Mangrove cutting for sea link: SC sends petition back to HC
The HC, on February 8, had allowed Maharashtra State Road Development Corporation (MSRDC) — the agency implementing the rupees 11,332-crore project — to cut 1,585 mangrove trees on around 3 hectares. It was the final clearance MSRDC required to begin work on the project.Updated: Apr 02, 2019 07:46 IST
The Supreme Court (SC) on Monday sent back the matter of felling mangrove trees for the Versova-Bandra Sea Link (VBSL) project to the Bombay high court (HC). The Apex Court was hearing a special leave petition filed by Khar resident and environmentalist Zoru Bhathena on March 25.
The HC, on February 8, had allowed Maharashtra State Road Development Corporation (MSRDC) — the agency implementing the rupees 11,332-crore project — to cut 1,585 mangrove trees on around 3 hectares. It was the final clearance MSRDC required to begin work on the project.
“The SC bench of justice Nageshwar Rao and justice MR Shah said how could the HC pass an order where 2.9907 hectare of mangroves can be permitted to be cut. The environment ministry’s CRZ permission in 2013 [for the project] was subject to only 150 square metres mangrove felling for a bridge to be built on stilts,” said Jatin Zaveri, counsel for the petitioner.
“We told the SC bench that the State Environment Impact Assessment Authority nod for the project mandated that no mangroves be destroyed. In such circumstances, MSRDC’s dem-and for 30,000 sqm of mangroves is unnecessary and akin to environmental destruction.”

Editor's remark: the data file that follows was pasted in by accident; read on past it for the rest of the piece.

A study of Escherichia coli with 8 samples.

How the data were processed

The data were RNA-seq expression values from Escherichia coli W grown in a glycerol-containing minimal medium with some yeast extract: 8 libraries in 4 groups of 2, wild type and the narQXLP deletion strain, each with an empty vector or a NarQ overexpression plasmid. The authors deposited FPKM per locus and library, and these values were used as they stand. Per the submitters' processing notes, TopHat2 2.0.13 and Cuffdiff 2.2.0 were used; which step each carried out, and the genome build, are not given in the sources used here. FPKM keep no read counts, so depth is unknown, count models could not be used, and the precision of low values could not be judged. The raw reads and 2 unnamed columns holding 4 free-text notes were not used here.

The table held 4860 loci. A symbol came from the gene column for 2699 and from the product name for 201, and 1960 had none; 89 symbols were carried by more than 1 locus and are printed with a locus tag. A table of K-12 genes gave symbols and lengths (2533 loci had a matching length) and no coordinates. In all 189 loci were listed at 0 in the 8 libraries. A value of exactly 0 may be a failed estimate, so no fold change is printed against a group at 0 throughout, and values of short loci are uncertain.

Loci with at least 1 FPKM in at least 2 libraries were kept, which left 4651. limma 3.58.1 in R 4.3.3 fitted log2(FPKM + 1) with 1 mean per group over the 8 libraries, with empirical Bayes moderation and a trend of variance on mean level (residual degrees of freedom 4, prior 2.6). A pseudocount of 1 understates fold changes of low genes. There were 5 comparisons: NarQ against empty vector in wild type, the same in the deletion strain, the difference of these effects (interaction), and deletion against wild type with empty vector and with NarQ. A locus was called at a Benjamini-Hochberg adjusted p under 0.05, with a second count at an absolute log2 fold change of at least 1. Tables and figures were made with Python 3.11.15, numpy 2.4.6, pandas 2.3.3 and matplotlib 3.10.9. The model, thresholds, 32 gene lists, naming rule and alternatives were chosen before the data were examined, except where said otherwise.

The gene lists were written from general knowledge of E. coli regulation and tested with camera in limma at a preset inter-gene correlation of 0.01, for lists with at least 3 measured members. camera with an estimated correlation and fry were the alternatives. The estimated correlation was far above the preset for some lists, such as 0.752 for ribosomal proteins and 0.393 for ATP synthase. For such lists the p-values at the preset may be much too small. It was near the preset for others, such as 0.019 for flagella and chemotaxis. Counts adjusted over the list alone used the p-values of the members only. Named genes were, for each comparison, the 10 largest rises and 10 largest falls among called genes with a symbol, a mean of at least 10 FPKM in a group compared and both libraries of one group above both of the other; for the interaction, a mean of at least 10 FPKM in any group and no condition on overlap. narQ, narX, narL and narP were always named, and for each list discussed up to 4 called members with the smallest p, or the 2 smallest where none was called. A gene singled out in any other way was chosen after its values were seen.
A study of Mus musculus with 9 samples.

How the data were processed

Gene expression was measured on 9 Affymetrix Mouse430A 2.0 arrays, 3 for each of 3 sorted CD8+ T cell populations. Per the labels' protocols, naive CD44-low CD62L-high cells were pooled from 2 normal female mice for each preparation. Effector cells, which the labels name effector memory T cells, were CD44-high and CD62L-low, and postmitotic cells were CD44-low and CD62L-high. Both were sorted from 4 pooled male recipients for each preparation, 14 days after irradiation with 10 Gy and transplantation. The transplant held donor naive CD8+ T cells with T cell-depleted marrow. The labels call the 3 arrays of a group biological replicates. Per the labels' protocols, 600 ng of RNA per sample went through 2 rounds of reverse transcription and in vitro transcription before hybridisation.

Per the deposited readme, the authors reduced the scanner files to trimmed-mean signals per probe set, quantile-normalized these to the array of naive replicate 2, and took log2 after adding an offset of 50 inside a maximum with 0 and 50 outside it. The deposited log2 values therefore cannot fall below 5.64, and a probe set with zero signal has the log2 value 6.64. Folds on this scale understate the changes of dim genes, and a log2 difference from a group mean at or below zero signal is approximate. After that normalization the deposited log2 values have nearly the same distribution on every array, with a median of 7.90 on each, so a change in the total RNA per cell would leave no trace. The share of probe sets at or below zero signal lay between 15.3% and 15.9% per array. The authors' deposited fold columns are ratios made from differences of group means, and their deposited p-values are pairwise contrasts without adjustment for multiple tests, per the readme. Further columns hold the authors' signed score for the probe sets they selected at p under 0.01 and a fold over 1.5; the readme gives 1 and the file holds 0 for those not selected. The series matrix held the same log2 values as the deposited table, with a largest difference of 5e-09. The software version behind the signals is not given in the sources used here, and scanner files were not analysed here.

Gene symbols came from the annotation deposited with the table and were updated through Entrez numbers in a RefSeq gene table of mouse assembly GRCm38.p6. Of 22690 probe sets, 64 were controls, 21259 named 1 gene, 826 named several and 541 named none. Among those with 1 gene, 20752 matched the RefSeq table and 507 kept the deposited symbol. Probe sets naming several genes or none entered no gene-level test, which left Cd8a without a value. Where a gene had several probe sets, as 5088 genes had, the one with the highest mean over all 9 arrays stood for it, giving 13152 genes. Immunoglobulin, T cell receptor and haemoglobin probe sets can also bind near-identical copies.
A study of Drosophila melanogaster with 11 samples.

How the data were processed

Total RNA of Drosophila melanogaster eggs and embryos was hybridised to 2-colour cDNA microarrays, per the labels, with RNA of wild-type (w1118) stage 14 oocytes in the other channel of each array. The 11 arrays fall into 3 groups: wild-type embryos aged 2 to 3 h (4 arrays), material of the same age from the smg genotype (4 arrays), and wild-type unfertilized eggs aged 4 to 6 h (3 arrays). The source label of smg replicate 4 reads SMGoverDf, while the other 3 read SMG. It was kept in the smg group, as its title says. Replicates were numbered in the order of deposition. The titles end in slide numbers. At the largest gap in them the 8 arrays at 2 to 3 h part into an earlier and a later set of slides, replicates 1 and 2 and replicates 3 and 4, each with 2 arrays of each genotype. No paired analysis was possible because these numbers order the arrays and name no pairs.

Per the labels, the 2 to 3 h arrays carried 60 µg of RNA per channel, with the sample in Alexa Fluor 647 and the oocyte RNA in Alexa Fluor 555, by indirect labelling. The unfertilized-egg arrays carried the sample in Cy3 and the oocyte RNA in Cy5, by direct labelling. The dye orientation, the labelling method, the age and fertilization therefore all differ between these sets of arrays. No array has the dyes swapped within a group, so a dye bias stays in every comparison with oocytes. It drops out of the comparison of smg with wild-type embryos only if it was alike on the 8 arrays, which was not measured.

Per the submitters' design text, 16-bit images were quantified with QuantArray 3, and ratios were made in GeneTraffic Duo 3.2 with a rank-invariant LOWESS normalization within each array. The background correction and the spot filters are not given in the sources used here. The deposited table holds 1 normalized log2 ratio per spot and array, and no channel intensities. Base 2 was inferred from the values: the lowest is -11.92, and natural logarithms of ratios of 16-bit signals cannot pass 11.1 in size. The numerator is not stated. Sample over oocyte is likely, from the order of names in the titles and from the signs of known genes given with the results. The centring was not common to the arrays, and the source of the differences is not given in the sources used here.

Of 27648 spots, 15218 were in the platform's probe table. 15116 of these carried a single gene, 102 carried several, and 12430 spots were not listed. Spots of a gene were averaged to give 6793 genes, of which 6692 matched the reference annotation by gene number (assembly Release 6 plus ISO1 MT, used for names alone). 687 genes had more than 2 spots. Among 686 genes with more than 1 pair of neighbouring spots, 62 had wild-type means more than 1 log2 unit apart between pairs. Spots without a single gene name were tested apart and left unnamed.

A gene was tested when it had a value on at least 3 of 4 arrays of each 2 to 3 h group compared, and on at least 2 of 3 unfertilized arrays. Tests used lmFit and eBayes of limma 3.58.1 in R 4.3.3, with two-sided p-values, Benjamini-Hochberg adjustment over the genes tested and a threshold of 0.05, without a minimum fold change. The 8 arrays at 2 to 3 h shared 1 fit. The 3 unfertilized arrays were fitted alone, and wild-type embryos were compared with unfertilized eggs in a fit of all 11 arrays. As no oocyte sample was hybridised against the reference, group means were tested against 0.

A senior MSRDC official, who did not wish to be named, explained why there has been a change in mangrove area lost to the project. “CRZ area and deemed reserved forest are two different zones,” he said. “While we received CRZ clearance [150 sqm] long ago, the other permission [30,000 sqm] pertained to forest clearance was given by the mangrove cell of the forest department. Earlier, our consultant had done a feasibility study that recorded 150 sqm [of mangrove loss] for the project. However, since there are sparse mangroves in some areas and no trees in others, the clearance by forest department recorded the total mangrove area that will be lost.”
“Based on this explanation, we got clearance from HC. We will explain the same [in HC] again.”
State government sources, who were involved in the clearance process, said the MSRDC proposal read that 2.9907 hectares of mangroves would be lost. “We do not decide how much mangrove area is lost. We only assess and ensure there is least possible damage,” said an official.
Bhathena, meanwhile, thanked the SC. “We are grateful the SC took note of our complaint, and allowed us to go back to HC to resolve the issue,” he said.